It Is All Relative

Andy Walsh (Faith Across the Multiverse) uses examples from science to help us wrestle with complex ideas in Christian faith. This is a science and faith book of a very different kind; an enjoyable and thought-provoking read. Science is hard in part because it forces us to think differently – to abandon preconceptions or intuition based on human scale sizes and speeds. Christian faith also forces us to think differently. It challenges our “natural” intuition.

Today with Andy we turn to special relativity and connect this with Jesus, righteousness, and a way to think about our life as Christians (or non-Christians). This may be something of a stretch for many – it isn’t that modern science is buried in the Bible, but that relativity opens our minds to new ways of thinking.

The speed of light in a vacuum is finite and constant: 299792458 m/s (about three hundred million meters per second or one foot in one billionth of a second). It doesn’t matter if we are moving or standing still (an impossibility). The speed of light is not relative to the observer, time is relative. In science relativity isn’t a statement that all is relative, with no absolutes. In the move from classical Newtonian physics to relativity as Andy puts it: “We are not giving up a more absolute model for a more relative one, we are simply changing which quantities are absolute and which are relative. And we are doing so because the model better reflects the reality in which we live, and provides an absolute point of reference of a different sort.” (p. 107) In physics, the absolute is the speed of light in a vacuum.

In theology we are not worried about the speed of light, but moral behavior is often of concern. The idea that morality might be relative raises concerns. Here Andy suggests that physics may help us think about morality.

If we are thinking about Jesus as the light of the world, perhaps Jesus has a similar special status when it comes to morality. … Jesus came to fulfill the law (Matthew 5:17), in a sense establishing himself as the standard for moral behavior, a shift just as revolutionary as the one from invariant space and time to invariant light speed. (p. 112)

We can learn much from Jesus’ approach to puzzles and questions, from his stories and actions. We also learn that try as they might, his opponents could find nothing to legitimately condemn him. They had to resort to mob rule and stories. Andy reflects: “The explanation for this inability to find fault with him, according to the Bible, is that Jesus did in fact live a sinless life and was the only person to have done so.” (p. 114) This leads to another connection – to help us think.

The only objects that travel at the speed of light are massless objects (photons). Any object with mass can approach the speed of light, but cannot reach it. … “So what happens if we think of being sinful (having committed one or more sins) as having mass and being sinless as equivalent to being massless.” (p. 114)

Consider this as a model or metaphor, sin is like mass. Andy develops it more fully, but I will jump to the conclusion.

In this model, the moral perfection of Jesus is the optimal point of righteousness we are supposed to be reaching if we are choosing to follow Jesus. But this level is impossible to reach for anyone who has sinned, just as traveling at the speed of light is impossible for any object with mass. The diminishing returns aspect of trying to reach light speed resonates with biblical accounts of what it is like to be in the presence of God’s sinless righteousness; the closer we get, the more aware we become of the burden of our sins. Isaiah reacts to the presence of God by saying “Woe me! I am destroyed, for my lips are contaminated by sin” (Isaiah 6:5) (p. 117)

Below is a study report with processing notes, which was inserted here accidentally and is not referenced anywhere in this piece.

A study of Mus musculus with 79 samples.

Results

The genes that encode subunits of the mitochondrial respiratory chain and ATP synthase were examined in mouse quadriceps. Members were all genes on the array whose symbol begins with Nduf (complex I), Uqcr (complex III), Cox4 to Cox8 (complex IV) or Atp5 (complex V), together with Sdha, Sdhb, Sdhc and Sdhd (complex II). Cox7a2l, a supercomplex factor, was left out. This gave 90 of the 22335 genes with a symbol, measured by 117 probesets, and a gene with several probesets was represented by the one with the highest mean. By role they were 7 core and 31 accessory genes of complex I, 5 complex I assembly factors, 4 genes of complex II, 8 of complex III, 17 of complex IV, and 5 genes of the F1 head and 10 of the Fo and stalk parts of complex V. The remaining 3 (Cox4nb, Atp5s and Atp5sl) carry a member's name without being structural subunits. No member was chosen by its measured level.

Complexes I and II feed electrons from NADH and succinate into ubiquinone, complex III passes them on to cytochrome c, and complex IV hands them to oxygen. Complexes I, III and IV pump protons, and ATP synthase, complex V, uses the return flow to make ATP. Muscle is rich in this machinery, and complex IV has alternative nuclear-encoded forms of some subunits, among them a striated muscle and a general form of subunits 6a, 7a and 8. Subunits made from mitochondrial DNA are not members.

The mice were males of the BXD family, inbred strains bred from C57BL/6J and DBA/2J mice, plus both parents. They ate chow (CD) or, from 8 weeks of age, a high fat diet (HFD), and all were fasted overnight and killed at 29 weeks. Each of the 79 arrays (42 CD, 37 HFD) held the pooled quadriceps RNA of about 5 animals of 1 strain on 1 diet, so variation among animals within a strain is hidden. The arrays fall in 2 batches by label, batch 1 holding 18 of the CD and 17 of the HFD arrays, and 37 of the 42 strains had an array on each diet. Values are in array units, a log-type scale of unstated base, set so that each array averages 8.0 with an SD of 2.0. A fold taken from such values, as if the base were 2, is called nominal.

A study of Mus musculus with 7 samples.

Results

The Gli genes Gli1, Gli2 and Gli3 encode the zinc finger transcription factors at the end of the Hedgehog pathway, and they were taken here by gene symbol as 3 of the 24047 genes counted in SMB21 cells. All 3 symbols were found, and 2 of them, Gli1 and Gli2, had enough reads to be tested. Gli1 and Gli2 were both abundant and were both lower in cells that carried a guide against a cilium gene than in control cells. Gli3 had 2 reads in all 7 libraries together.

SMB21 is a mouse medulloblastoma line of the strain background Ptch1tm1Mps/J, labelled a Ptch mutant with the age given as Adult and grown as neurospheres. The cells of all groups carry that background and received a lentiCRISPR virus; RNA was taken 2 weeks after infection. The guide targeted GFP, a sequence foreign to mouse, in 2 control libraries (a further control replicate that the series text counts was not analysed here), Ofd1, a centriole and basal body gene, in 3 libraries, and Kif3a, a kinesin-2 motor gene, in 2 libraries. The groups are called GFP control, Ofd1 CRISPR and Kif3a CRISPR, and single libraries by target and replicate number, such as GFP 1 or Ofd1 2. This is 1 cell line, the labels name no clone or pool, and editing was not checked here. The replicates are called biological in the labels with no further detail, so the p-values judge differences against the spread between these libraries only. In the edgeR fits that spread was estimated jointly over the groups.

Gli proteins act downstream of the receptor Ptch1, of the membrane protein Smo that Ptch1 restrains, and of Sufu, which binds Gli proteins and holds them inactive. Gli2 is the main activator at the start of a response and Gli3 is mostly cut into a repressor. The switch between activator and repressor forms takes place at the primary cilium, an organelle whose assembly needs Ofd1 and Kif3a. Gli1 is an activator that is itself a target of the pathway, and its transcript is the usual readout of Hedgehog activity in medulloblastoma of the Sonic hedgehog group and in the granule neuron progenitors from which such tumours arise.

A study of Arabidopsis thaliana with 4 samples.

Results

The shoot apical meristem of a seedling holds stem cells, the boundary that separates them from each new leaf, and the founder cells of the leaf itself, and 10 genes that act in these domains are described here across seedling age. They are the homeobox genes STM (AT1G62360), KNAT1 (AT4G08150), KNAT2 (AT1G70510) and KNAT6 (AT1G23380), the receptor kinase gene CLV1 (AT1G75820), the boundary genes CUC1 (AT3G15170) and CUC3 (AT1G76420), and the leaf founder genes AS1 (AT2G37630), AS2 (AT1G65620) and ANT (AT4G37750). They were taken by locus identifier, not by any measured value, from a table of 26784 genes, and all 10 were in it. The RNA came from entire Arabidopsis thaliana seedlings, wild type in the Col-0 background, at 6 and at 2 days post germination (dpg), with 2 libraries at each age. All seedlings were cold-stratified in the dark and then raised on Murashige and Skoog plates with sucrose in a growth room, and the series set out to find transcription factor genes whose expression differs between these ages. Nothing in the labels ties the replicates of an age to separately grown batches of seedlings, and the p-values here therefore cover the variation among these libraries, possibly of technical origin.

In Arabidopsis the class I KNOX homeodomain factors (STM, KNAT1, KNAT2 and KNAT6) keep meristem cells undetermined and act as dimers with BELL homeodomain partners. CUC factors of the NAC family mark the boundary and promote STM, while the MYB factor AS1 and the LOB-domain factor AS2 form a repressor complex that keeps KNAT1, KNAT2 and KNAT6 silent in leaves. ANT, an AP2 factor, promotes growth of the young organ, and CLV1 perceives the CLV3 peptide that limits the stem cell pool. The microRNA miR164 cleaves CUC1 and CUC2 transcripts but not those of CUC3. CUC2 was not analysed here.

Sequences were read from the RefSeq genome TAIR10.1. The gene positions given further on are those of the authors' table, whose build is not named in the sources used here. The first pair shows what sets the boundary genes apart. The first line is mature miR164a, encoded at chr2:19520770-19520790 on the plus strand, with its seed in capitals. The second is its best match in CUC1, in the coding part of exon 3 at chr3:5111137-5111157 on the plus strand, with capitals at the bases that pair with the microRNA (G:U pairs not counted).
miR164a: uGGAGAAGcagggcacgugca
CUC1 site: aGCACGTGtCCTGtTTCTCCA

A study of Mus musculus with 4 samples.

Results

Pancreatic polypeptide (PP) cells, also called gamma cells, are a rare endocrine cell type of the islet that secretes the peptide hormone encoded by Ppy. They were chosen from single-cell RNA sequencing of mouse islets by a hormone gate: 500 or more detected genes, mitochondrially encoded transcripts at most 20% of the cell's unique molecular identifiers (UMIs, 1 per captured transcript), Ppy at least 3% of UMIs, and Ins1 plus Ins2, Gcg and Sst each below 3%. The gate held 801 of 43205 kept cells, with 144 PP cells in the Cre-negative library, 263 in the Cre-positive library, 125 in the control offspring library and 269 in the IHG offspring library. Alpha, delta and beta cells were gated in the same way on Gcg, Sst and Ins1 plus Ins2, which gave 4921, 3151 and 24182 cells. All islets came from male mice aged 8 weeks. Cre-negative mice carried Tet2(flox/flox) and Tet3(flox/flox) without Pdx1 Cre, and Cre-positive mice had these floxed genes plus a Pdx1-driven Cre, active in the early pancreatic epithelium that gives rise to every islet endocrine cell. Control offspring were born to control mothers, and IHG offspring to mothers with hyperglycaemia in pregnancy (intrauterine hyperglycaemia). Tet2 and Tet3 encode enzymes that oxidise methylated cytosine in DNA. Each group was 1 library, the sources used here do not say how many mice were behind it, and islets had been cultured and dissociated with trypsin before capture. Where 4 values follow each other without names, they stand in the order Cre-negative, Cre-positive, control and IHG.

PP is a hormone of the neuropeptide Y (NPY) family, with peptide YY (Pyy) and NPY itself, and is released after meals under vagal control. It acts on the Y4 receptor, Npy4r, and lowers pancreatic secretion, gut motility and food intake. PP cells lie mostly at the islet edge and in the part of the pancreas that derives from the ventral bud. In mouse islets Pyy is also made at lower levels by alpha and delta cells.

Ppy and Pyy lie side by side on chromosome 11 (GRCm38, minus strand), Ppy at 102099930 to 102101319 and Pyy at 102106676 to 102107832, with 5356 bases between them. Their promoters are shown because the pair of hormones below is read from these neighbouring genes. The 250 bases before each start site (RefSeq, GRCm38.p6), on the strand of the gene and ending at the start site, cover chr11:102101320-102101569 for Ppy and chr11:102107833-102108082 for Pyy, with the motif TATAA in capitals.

Although we can work to move faster (in a new space ship?) we can never reach the speed of light. Although we can pursue righteousness (and should) we will never reach it – and the closer we get the more apparent this will become. We will see our faults and flaws more clearly.

[The Bible] encourages good works and invites us to work at the process of sanctification, or approaching optimal righteousness in our own lives. But if we have any sin in our life, then we will only ever be able to approximate that righteousness, never fully achieving it in this lifetime, just as no amount of energy can cancel out the effect of an object’s mass on its ability to travel at light speed. (p. 117)

Sin, past, present, and future is akin to mass in Andy’s model. An object with mass always has mass, a person who has sinned is a sinner (and that’s all of us) – even if on the right track, following and fearing God.

But there is hope in this metaphor – matter with mass can be transformed into massless photons traveling at the speed of light (Erest = mc2). “So to we can look forward to being transformed, leaving behind our sin, but retaining the essence of who we are.” (p. 118)

Andy ends by bringing the Higgs field and Higgs boson into the metaphor. Interaction with the Higgs field leads to mass. Likewise, “Sin is relational, arising our of interactions. … Sin is only sin with respect to our relationship with God, and by extension to other people. It is not meaningful to talk about sin outside of those relationships.” (p. 119)

We are sinners.

We can pursue righteousness.

The ultimate victory only comes when we are transformed in the age to come through the grace of God.